Foods To Eat And Avoid During Pregnancy

Eating healthy foods should always be a priority – but it is especially essential while growing a tiny human inside of you.

Some people consider pregnancy meals to be a free-for-all since you’re eating for two, but nutritionist Rujuta Diwekar reminds us that these people “forget to mention the risks involved in gaining too much or that this stubborn pregnancy weight will take forever to budge, long after the baby has come out.” Diwekar also states that lucky for us pregnant mamas, we crave healthier foods during pregnancy because we’re more intuitive.

A well-balanced diet of nutritious foods (yes, that means lots of vegetables) is going to help give your baby the vitamins, nutrients and minerals he or she needs. According to Dawn Jackson Blatner, F. D., L. D., a national media spokeswoman for the American Dietetic Association, pregnant women should do their best to eat unadulterated foods. This way, “you're getting 100 percent of the food's nutrition--nothing has been taken out and nothing is put in," says Dawn. There are plenty of nutritious, unadulterated foods out there, so we’ve made a list for you to narrow things down. Let’s get to it, shall we?

Eat Me:

  • Bananas – Not only are they rich in potassium, but they’re also great for an energy boost to fight off that pesky pregnancy fatigue.
  • Lean Meat – While we’re on the topic of fatigue, eating lean meat that is rich in iron will also help keep your energy up for the day.
  • Eggs – It’s common for a pregnant woman to develop an aversion to meat during pregnancy, so eggs are a great protein source for those times that the sight of a burger makes you feel ill.
  • Healthy fats – Nuts, nut butters, and avocados are critical for your baby’s brain development and your overall health.
  • Leafy Greens – You knew this was coming. Greens such as spinach and kale are dense in nutrients, calcium, and iron. If you’re not a huge fan – we suggest you “hide” the greens in something you do enjoy such as adding spinach to your smoothies or kale to your favorite savory soups – you’ll barely taste a thing!
  • Reduced Fat Milk – Bone density is key! Keep them strong by drinking milk, as your body is under much more strain than usual.
  • Oranges – Vitamin C, folate, and fiber make this fruit a pregnancy essential. Plus, they are 90% water, so it’ll help you reach your daily H20 intake goal!
  • Lentils – They help your baby’s brain and nervous system develop, and they soak up seasoning so you can have a tasty meal – it’s a win win!
  • Nutmeg – Nutritionists Kareena Kapoor and Rujuta Diwekar say, “it is very useful to have a bedtime routine of drinking a cup of milk with a bit of nutmeg (jaiphal). It helps calm your system and also aids your sleep.”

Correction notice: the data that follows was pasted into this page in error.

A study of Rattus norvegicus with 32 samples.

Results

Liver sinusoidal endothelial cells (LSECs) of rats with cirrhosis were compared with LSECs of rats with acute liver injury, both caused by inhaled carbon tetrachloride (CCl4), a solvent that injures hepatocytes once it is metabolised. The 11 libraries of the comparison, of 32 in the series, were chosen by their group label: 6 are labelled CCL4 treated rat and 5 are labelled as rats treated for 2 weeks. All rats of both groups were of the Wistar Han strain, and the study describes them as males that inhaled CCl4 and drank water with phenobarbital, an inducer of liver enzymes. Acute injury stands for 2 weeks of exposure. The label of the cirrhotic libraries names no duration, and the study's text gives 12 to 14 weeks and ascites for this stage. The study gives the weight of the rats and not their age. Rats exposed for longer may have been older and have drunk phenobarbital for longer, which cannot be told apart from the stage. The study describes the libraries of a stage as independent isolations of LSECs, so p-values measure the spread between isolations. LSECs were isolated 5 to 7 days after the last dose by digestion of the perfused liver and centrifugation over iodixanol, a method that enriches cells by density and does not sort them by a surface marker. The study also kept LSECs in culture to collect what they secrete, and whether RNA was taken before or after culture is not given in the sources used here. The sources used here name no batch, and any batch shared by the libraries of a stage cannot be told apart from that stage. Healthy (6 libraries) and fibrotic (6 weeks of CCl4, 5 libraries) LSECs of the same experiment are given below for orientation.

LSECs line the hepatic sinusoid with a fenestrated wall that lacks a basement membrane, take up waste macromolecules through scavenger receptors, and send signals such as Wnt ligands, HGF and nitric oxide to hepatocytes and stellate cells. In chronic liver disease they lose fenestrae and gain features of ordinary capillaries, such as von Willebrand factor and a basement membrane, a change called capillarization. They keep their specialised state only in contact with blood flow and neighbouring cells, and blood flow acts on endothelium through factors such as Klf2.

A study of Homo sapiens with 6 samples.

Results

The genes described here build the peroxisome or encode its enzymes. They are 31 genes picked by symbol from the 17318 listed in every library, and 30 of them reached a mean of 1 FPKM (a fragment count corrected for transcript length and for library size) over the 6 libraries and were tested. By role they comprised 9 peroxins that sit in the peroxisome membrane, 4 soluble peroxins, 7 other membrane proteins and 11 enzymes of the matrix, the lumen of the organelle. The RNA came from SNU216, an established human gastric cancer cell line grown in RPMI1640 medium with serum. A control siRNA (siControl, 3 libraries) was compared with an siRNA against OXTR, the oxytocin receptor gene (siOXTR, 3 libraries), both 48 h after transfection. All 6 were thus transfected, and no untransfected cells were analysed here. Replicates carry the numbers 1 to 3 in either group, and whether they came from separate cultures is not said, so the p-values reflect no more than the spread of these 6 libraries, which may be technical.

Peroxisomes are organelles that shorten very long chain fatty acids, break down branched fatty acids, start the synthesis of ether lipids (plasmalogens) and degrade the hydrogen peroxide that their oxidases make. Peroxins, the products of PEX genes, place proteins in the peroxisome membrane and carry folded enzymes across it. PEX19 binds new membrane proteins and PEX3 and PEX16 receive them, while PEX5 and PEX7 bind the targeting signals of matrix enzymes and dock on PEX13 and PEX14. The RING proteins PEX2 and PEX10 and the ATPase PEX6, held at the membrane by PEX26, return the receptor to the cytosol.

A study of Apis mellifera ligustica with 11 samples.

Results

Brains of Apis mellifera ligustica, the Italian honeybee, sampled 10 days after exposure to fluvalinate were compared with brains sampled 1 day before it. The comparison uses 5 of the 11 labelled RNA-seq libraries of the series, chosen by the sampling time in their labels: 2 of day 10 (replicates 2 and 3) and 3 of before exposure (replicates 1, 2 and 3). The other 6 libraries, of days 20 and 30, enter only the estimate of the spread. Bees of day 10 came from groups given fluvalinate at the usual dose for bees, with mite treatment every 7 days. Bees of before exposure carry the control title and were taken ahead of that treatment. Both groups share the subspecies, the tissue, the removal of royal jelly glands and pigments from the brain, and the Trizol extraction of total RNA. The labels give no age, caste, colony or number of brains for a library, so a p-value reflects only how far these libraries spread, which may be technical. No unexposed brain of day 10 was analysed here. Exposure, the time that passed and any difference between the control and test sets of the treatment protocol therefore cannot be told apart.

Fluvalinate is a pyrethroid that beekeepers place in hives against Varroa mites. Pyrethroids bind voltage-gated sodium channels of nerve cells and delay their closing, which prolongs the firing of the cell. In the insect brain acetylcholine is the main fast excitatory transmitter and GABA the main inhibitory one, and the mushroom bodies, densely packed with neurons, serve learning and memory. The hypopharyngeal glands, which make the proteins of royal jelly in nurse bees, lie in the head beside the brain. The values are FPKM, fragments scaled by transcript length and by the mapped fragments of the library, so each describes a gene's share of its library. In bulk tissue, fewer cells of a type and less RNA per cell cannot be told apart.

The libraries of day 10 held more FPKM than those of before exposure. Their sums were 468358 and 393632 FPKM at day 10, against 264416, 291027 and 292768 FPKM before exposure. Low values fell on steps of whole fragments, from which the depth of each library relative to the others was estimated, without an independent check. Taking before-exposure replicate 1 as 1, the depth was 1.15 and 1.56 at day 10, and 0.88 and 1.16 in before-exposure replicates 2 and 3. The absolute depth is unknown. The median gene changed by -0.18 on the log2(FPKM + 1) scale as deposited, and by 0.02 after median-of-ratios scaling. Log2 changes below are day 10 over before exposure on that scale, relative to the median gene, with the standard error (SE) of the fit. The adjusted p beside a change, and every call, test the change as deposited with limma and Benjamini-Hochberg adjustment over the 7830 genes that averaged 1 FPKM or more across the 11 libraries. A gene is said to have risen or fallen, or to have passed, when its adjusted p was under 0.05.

• Raw Meats or Fish – To all our sushi and carpaccio lovers – we’re sorry, but you’re going to have to sit these 9 months out for the sake of your baby. Eating raw meat and fish presents the risk of contaminating your food with salmonella or coliform.
  • Fish with high mercury levels – Certain fish such as swordfish, shark, king mackerel, and some canned tunas contain mercury which has been linked to developmental delays in babies.
  • Raw Shellfish – We’re sensing a theme here – raw is not a good option right now. Even if you order foods like oysters, clams, or mussels cooked, they could be served undercooked and still make you sick. It’s the most common form of seafood related illness. We recommend you avoid shellfish entirely, if you can.
  • Raw eggs – okay so maybe this doesn’t seem like a big sacrifice for you, but there are a handful of sauces and dressings made with raw egg that you should avoid during pregnancy such as homemade mayo, homemade caesar dressing, béarnaise, hollandaise, and probably anything else that ends with -aise. Also avoid soft-boiled eggs and poached eggs to be safe.
  • Unpasteurized milk & cheese – These can hold bacteria such as e. coli, listeria, or salmonella and be life-threatening to your unborn baby. Consume products that are made from pasteurized milk.
  • Caffeine – It is hard for your baby to metabolize caffeine, which can cause complications such as stunting the growth of the fetus, as well as low birth weight. Caffeine also acts as a diuretic, which means calcium and water could pass through a pregnant mama before she even got their full nutritional value. We recommend no caffeine in the first trimester, and then a limited 200mg or less per day thereafter.
  • Unwashed Vegetables – Again, let’s avoid any possibility of contamination by rinsing all veggies before cooking and eating them.

Maybe you’ve read this far because you’re trying to get pregnant and are doing your research. First of all, you go girl! Second, it’s NEVER too early to adopt these healthy habits as a mom-to-be. Dietician Elizabeth M Ward, MS, RD says the earlier you start making these healthy shifts in your lifestyle the better, because “priming the body for pregnancy optimizes both a mom’s health and that of her child.”

There are two more tips we want to make sure we drive home. The first: DRINK YOUR WATER! It is recommended that you drink half your weight in fluid ounces of water. Add fruit, citrus, or mint if water isn’t your favorite. And second: consider banking your baby’s cord blood, tissue, and placenta with us. You’re putting 9 months of healthy choices, preparation, and love into growing your precious baby, and we believe you should enjoy the benefits of all that stem-cell rich blood and tissue that has developed during that time period. Call us today to speak to an expert about banking with us. 404.315.6500

THE CONTENT OF THIS ARTICLE DOES NOT PROVIDE MEDICAL ADVICE. It is intended for general informational purposes only and is not a substitute for professional medical advice or treatment. If you have a medical emergency or question, immediately call your doctor or dial 911 for assistance.